Is persecution against Christians on the rise today? According to Breitbart.com, Mikey Weinstein, the head of the Military Religious Freedom Foundation, has been meeting with appointed members of the Pentagon to hash out court-martial procedures to be used against Christian marines, sailors, airmen, and soldiers who share their faith with other soldiers in the U.S. military. What does Mr. Weinstein hope to achieve?
Meanwhile, Saeed Abedini, an Iranian-American who converted to Christianity, is now in Evin Prison in Tehran where he has been beaten, tormented psychologically, and denied proper medical treatment. Why? Iran officially says that he was undermining the country’s national security. A nurse in the prison admitted that it is because of Abedini’s faith.
Christians from Egypt to Iran to China and North Korea are currently suffering severely under official government-sanctioned measures. Christians in Syria and Iraq and India are being driven out of their homes and hometowns in waves of unofficial, but nevertheless harsh persecution. An entire town of Christians had their homes burned down by Pakistani opponents in March of this year. Such persecution has been documented in books such as Jesus in Beijing by former Time Magazine bureau chief David Aikman and Persecuted: The Global Assault on Christians by Paul Marshall, Lela Gilbert, and Nina Shea.
Why do you suppose persecution against Christians is on the rise globally? Are Christians the most violent people on earth today? Hardly. Are we really dangerous to our neighbors? Considering the number of hospitals started by Christian denominations, rescue missions run by Christian churches, and food and water relief efforts carried out by Christian missionary agencies, the real answer is immediately evident. Christians are not, as a faith group, violent.
Did Christians call for holy war on Andres Serrano when he displayed a photograph of a crucifix in a glass of his own urine and called it “P-ss Christ”? No.
What other faith has become verboten in American public schools coast to coast? Traditional Native American religion? No. Islam? No. Buddhism? Baha’i? No and no. Secular Humanism? Again, no.
Consider the Teaching of Jesus Christ in the Face of Persecution
Jesus instructed His followers,
Love your enemies, do good to those who hate you, bless those who curse you, pray for those who mistreat you. (Luke 6:27-28)
Give to everyone who asks you, and do not ask for your possessions back from the person who takes them away … If you love those who love you, what credit is that to you? For even sinners love those who love them. And if you do good to those who do good to you, what credit is that to you? Even sinners do the same. And if you lend to those from whom you hope to be repaid, what credit is that to you? Even sinners lend to sinners, so that they may be repaid in full. But love your enemies, and do good, and lend, expecting nothing back. Then your reward will be great, and you will be sons of the Most High, because He is kind to ungrateful and evil people. Be merciful, just as your Father is merciful. (Luke 6:30-36)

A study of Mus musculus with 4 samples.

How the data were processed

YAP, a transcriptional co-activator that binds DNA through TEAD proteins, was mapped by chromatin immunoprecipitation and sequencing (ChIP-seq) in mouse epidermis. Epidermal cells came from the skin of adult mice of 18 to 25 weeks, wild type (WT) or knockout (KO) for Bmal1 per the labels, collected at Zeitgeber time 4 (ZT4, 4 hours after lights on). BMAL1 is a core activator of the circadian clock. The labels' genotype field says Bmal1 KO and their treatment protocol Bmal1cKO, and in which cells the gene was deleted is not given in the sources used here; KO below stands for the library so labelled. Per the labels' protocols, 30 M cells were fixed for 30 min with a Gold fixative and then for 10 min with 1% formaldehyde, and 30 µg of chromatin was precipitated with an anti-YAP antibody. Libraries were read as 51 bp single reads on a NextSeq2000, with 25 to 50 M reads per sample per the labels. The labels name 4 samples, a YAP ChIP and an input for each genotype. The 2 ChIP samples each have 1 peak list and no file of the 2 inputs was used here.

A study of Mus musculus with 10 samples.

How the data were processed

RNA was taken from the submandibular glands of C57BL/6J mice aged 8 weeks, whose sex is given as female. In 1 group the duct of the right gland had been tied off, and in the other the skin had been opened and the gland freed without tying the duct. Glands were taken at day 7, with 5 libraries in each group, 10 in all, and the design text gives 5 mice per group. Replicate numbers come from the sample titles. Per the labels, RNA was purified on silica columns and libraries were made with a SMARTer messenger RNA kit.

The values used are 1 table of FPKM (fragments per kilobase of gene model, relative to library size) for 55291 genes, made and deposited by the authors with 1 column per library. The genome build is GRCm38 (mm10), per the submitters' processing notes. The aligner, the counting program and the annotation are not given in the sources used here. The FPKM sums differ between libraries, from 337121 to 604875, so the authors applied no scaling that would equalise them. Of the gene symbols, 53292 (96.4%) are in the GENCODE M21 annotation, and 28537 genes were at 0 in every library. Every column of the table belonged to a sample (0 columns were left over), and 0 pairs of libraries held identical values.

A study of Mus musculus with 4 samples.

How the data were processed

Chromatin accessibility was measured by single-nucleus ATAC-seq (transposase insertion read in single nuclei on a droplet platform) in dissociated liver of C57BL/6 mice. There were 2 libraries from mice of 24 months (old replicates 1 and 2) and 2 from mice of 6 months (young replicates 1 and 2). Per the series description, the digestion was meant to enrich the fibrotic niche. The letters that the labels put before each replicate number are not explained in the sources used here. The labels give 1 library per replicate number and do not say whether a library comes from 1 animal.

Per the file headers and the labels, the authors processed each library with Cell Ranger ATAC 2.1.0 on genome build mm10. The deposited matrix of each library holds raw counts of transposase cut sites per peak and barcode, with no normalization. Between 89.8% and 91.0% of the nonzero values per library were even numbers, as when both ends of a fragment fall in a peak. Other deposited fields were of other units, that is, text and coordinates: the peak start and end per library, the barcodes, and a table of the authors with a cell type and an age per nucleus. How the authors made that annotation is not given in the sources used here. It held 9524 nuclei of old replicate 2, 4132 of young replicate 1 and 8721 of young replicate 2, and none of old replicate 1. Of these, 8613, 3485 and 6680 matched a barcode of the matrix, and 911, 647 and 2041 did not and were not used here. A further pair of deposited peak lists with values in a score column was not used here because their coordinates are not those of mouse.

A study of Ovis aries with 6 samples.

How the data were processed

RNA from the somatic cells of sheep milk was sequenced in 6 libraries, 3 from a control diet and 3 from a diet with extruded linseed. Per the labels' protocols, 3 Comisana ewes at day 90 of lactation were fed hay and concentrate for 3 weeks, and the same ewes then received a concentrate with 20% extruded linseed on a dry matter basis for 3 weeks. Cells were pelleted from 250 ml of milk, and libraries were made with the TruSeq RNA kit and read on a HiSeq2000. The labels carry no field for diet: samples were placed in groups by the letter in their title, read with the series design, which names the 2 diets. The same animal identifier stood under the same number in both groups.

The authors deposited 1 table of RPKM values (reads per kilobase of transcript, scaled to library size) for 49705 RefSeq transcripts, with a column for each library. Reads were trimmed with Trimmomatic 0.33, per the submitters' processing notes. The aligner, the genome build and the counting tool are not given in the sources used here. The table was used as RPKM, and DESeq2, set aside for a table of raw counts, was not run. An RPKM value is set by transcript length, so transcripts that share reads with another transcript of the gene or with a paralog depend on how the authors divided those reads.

And this man Mikey Weinstein wants to put a stop to this kind of instruction on how to treat one another? The government of Iran has a problem with people believing in a God who teaches this kind of behavior?
Jesus’ follower, Simon Peter, wrote to Christians being persecuted in first-century Asia Minor, “Maintain good conduct among the non-Christians, so that though they now malign you as wrongdoers, they may see your good deeds and glorify God when he appears.” (1 Peter 2:12) So it wasn’t just Jesus, but Jesus’ followers, as well, who taught us to do good in the face of mistreatment.
The apostle Paul said the greatest virtue is love. (1 Corinthians 13:13) How did Paul tell Christians to go about sharing their message of love? He instructed them,
And the Lord’s slave must not engage in heated disputes but be kind toward all, an apt teacher, patient, correcting opponents with gentleness. Perhaps God will grant them repentance and then knowledge of the truth and they will come to their senses and escape the devil’s trap where they are held captive to do his will. (2 Timothy 2:24-26)
Regarding Christian behavior, James the brother of Jesus wrote, “Let every person be quick to listen, slow to speak, slow to anger. For human anger does not accomplish God’s righteousness.” (James 1:19-20)
Why, Then, the Persecution?
In light of religions who will behead people for apostasy and others who will burn down a house on top of a family for unbelief, why single out for persecution Christianity which teaches good conduct, love, and patience? What were Jesus’ instructions to His disciples when He left this world? He told them,
“You will be my witnesses in Jerusalem, and in all Judea and Samaria, and to the farthest parts of the earth.” (Acts 1:8)
Witnesses simply tell what they have seen and heard. They leave the judging for the Judge. The problem is, I suppose, that witnesses can be persuasive. Their account of what they saw or heard can change a juror’s mind. Who wants to silence witnesses when ideas, philosophies, and belief systems are on trial? If you do, then that is your privilege. Jesus has already instructed His followers to keep loving you, to do good to you, to bless you, to pray for you, and to give to you. Should we obey our Savior? Should we still obey Him when He tells us to keep witnessing?
Why Believe in Jesus Christ?
Believe in Jesus Christ precisely because, ultimately, He won’t force Himself on you. Jesus will love you eternally. But if you desire to enter eternity apart from Him—even though He died and rose from the dead to rescue you from a God-less eternity—Jesus Christ will let you. It’s infinitely sad, but He will let you.